TikTok is pushing back against the European Union for not informing the company that they were banning the app on all government devices. The EU also took steps to ban the Chinese-owned app on staff’s personal devices with corporate access, amid concerns that TikTok’s parent company ByteDance is accessing user data.
ByteDance has previously denied the allegations, saying it has no affiliation with the Chinese government but has now expressed its disdain for the EU’s decision to ban the app without warning. “So we are really operating under a cloud,” Caroline Greer, TikTok’s director of public policy and government relations, told Reuters. “And the lack of transparency and the lack of due process. Quite frankly one would expect, you know, some sort of engagement on this matter.”
TikTok did not immediately respond to Gizmodo’s request for comment.
TikTok is currently banned on government devices in both the U.S. and India but was given the opportunity to carry out conversations with lawmakers in the years leading up to the ban. ByteDance negotiated with the Committee on Foreign Investment in the United States (CFIUS) for more than three years in an effort to continue to do business with the U.S. and minimize the amount of access the Chinese government has to U.S. users.
The company argued that the EU did not hold similar conversations, saying it was blindsided by the ban. TikTok CEO Shou Zi Chew met with EU Industry Chief Thierry Breton in January, and Greer told Reuters that Chew was “concerned and a little puzzled” by the EU’s decision. “He [Chew] has always been very available, you know, responding to the Commission ... We have reached out for a meeting in whatever shape or form they would like that to happen,” Greer told the outlet.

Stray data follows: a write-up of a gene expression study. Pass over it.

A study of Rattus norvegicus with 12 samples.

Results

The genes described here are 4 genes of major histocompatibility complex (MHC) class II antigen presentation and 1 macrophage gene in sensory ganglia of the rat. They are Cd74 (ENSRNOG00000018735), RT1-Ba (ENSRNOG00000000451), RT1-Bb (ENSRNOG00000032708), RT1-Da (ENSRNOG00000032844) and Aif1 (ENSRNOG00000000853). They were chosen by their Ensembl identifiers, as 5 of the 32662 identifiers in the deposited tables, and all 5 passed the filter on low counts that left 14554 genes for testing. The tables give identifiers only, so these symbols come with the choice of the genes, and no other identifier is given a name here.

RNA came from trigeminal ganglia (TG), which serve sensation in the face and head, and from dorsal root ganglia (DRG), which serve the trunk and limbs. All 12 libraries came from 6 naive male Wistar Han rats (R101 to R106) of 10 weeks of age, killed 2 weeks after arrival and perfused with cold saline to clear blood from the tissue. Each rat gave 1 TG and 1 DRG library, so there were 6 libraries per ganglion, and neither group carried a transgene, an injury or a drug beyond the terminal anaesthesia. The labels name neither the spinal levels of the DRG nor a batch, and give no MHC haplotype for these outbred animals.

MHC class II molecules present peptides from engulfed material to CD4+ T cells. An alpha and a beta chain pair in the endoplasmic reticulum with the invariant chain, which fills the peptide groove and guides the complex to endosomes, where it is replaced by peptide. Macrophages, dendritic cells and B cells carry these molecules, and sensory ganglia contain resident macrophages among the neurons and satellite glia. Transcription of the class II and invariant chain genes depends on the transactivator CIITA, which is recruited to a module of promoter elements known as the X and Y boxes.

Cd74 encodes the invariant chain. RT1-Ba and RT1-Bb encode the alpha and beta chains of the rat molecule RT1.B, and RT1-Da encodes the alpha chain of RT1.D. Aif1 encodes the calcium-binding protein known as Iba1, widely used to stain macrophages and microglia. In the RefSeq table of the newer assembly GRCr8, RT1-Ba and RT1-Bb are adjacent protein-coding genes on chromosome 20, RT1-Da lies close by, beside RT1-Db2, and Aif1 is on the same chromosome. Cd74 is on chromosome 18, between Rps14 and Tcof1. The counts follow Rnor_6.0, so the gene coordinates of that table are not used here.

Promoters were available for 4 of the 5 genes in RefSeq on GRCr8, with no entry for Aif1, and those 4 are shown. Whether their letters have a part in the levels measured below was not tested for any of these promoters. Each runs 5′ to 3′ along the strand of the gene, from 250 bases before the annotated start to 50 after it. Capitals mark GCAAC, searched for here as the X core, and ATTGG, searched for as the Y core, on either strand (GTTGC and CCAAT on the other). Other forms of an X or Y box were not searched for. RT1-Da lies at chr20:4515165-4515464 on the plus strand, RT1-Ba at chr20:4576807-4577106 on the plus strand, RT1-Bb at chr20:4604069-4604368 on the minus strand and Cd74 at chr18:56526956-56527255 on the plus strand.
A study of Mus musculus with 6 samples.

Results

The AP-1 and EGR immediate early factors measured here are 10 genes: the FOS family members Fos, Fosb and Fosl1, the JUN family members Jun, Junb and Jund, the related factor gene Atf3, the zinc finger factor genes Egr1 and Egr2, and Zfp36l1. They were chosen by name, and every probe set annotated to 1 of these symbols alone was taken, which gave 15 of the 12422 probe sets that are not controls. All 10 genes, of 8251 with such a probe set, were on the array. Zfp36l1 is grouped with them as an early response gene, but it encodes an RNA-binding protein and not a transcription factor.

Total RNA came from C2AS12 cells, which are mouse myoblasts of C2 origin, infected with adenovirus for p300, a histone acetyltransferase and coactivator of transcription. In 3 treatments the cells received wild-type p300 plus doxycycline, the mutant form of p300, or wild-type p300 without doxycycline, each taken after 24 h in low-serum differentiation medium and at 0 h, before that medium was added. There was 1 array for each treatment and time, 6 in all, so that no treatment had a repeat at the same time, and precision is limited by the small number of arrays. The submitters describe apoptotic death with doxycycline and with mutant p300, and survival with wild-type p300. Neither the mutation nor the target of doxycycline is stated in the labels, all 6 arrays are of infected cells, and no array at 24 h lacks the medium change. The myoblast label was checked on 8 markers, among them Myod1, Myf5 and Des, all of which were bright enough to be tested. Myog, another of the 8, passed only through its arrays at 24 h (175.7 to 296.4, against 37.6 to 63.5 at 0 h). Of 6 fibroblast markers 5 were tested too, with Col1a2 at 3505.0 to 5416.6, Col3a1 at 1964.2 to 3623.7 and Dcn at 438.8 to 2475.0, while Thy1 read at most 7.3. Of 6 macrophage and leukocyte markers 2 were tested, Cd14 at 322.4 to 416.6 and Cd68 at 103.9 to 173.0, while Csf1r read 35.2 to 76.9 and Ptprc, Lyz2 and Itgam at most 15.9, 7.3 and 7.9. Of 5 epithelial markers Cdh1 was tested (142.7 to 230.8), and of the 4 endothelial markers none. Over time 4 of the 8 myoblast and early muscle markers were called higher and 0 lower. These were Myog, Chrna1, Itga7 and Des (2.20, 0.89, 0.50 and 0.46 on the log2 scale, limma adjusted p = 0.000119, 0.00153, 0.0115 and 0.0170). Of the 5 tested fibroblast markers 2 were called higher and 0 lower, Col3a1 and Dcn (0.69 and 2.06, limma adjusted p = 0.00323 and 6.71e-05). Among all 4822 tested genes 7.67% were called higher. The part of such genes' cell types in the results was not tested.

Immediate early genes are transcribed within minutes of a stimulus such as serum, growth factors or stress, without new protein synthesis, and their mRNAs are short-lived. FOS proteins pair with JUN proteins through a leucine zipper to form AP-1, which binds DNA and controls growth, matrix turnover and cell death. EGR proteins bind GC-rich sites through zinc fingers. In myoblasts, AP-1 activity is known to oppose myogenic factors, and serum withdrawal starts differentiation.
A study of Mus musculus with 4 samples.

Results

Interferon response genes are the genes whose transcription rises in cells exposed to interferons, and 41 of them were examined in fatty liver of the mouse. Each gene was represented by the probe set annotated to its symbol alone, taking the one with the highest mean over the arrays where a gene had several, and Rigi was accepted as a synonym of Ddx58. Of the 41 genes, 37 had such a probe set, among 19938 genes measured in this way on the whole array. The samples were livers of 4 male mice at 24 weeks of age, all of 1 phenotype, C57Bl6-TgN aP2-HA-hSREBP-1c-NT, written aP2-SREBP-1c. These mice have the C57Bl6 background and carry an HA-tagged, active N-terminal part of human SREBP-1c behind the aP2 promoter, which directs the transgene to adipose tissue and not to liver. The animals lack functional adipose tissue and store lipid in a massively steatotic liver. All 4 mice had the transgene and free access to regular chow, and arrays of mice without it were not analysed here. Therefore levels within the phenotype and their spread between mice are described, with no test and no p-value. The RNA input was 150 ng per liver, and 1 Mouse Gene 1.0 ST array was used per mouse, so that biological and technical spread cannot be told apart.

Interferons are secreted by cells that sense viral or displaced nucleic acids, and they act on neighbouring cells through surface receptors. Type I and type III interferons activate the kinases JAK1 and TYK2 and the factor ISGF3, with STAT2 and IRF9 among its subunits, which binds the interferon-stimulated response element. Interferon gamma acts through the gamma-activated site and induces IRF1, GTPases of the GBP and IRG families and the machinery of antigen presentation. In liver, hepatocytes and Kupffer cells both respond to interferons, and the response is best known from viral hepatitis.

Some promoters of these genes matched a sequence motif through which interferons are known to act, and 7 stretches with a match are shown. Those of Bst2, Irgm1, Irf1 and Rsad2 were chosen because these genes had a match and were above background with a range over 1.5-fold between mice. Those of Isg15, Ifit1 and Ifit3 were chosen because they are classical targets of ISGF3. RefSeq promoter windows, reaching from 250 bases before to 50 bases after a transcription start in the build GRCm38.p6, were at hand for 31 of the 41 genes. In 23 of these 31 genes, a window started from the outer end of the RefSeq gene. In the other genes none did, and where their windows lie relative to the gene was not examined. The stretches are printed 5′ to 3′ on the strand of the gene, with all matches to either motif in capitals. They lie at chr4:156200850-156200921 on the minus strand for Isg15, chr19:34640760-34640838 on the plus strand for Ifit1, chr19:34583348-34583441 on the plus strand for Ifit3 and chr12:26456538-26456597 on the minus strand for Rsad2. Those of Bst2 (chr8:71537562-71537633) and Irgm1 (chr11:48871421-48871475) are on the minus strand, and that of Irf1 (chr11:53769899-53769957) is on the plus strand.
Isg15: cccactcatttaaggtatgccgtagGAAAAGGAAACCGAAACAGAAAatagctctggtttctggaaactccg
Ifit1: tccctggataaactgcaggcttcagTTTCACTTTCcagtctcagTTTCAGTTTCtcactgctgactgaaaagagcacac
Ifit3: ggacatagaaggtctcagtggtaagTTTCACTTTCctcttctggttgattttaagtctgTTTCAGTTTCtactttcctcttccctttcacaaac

TikTok’s Vice President of European Public Policy, Theo Bertram, told Bloomberg that the EU did not inform the company of the ban, saying executives found out through reports in the media and Tiktok never received notice of any concerns from the European Commission Department.
“We’ve never talked to them. They’ve never asked us for any input, so it’s a surprise,” Bertram told the outlet. “Normally we would expect some engagement and then some ability to understand what the case is against us, what the evidence is, to address that. And, in this instance, we haven’t had any of that.”
Contrary to TikTok’s claims that it hadn’t been informed of the potential for the ban, Breton said a ban was possible late last month if TikTok did not comply with EU privacy and regulation policies by September 1.
Bertram argued that TikTok is supposed to be able to do business in the EU if it follows content moderation laws and data protection, but Commissioner Johannes Hahn, who oversees the EU’s corporate management board, said at a press conference that the EU found no “immediate threat” but it’s taking proactive steps and measures to avoid future cybersecurity issues.
“It’s of course not a secret that we are under an increased cybersecurity threat, therefore we should have to take measures in order to avoid anything in the future,” Hahn said. “From our professional perspective it’s — I wouldn’t say business as usual – but it’s part of our daily work.”